Majority Of Americans Dissatisfied With Immigration Levels, Just 7 Percent Want More

AP Photo/Mark J. Terrill
AP Photo/Mark J. Terrill

A majority of Americans are dissatisfied with immigration levels to the United States, according to a new Gallup poll.

The poll, released Thursday, reveals that 60 percent of Americas say they are dissatisfied with the current level of immigration into the United States. Just 33 percent said they were satisfied.

In a follow up question probing whether that dissatisfaction was because the level of immigration was too high or too low, just 7 percent said they wanted to see more immigration, while 39 percent said they wanted the level of immigration to decrease.

The overall extent of dissatisfaction increased six percentage points over the last year, but did not match the poll’s highest level of dissatisfaction, 72 percent, registered in January 2008.

The increase in dissatisfaction comes as Republicans in Congress battle President Obama’s executive orders on immigration.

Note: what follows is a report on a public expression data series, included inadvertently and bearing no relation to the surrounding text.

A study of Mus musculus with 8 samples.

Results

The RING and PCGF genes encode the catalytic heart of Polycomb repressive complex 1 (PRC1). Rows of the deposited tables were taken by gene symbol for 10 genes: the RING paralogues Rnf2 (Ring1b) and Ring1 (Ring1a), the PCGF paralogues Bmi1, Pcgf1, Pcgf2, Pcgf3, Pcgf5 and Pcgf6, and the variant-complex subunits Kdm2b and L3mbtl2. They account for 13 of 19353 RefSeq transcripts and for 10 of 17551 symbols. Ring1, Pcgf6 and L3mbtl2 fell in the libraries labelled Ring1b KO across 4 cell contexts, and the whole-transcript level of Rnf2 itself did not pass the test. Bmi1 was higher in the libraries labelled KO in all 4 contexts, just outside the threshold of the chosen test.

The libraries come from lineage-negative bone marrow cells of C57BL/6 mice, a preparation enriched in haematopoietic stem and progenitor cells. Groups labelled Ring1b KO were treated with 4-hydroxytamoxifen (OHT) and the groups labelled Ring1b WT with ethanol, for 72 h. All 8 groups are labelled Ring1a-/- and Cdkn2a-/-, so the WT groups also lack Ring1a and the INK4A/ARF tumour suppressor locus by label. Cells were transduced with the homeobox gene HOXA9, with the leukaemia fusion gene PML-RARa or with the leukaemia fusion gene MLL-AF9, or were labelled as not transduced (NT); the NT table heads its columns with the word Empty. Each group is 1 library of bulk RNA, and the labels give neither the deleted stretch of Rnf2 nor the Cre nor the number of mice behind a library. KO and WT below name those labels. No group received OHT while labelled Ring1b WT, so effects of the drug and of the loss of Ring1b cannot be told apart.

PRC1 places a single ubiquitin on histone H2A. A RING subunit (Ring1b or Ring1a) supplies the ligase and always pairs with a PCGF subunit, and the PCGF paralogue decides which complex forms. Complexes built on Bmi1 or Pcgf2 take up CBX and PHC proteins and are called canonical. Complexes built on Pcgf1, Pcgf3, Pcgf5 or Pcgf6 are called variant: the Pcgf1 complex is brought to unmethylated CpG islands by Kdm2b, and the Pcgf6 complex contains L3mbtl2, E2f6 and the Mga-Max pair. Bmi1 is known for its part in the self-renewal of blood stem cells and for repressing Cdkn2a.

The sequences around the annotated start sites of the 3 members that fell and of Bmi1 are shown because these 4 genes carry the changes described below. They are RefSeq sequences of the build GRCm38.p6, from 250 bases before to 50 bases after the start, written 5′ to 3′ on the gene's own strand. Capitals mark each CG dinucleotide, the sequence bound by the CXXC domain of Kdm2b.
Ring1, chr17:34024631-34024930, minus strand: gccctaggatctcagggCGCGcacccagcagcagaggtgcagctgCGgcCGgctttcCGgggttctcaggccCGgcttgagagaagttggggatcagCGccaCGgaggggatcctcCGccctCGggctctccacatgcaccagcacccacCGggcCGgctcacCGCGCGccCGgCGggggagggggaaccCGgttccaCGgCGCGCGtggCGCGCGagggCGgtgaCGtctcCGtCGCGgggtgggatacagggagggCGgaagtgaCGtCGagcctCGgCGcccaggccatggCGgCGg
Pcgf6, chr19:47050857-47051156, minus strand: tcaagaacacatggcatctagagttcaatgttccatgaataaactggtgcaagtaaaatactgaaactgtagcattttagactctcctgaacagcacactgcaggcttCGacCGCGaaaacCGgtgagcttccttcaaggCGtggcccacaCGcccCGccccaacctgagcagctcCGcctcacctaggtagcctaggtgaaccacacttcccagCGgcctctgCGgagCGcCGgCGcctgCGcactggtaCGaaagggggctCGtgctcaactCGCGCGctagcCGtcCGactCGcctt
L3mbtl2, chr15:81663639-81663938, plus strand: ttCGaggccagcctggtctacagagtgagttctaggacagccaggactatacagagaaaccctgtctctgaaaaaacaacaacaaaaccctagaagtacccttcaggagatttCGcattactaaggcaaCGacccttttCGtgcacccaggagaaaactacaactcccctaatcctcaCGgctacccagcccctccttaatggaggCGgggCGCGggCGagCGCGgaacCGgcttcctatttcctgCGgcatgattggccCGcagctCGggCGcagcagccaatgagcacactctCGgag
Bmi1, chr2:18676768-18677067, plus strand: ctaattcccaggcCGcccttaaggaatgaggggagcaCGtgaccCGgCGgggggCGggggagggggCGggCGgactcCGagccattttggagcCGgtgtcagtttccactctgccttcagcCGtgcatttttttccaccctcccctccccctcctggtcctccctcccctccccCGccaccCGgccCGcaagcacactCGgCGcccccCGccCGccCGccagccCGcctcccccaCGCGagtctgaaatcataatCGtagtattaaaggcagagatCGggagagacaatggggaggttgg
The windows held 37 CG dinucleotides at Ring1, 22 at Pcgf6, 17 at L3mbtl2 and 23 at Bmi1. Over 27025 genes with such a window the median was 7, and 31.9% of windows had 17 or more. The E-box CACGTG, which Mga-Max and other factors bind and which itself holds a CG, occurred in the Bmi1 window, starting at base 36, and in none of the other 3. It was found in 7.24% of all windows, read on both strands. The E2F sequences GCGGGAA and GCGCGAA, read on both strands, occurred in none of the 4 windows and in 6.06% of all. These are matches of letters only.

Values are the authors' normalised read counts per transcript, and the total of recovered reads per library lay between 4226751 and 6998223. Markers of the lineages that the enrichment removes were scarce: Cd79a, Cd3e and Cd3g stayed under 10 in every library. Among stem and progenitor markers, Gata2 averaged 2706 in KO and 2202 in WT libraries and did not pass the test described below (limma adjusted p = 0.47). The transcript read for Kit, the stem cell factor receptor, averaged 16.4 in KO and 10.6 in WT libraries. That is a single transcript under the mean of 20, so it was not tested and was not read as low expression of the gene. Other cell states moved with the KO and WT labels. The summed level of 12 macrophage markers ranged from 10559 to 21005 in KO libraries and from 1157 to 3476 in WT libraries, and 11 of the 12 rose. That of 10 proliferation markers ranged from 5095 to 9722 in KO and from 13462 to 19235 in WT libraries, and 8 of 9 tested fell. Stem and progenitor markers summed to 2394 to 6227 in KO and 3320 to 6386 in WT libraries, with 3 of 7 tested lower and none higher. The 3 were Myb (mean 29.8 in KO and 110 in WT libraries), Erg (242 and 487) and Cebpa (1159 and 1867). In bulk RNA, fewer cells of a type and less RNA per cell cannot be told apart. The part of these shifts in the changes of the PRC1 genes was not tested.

Another recent poll from Paragon Insights found widespread opposition to Obama’s unilateral move to provide legal status and work permits to millions of illegal immigrants and support for congressional efforts to block those edicts.

Gallup’s poll did not probe opiniions about Obama’s executive actions, but did reveal the level of dissatisfaction with immigration levels among Republicans at an all time high for the poll, at 84 percent. Independents expressed a 54 percent level of dissatisfaction and 44 percent of Democrats said they were dissatisfied.

In its analysis of the results, Gallup acknowledged that Obama’s executive actions might be a contributing factor to the poll’s results, noting that “[t]he president’s disputed actions may have had some effect on how Americans perceive immigration levels, providing Republicans additional fodder with which to challenge the president.”

Gallup’s poll was conducted from January 5-8 with a random sample of 804 adults living in the United States and has a margin of error of +/-4 percentage points.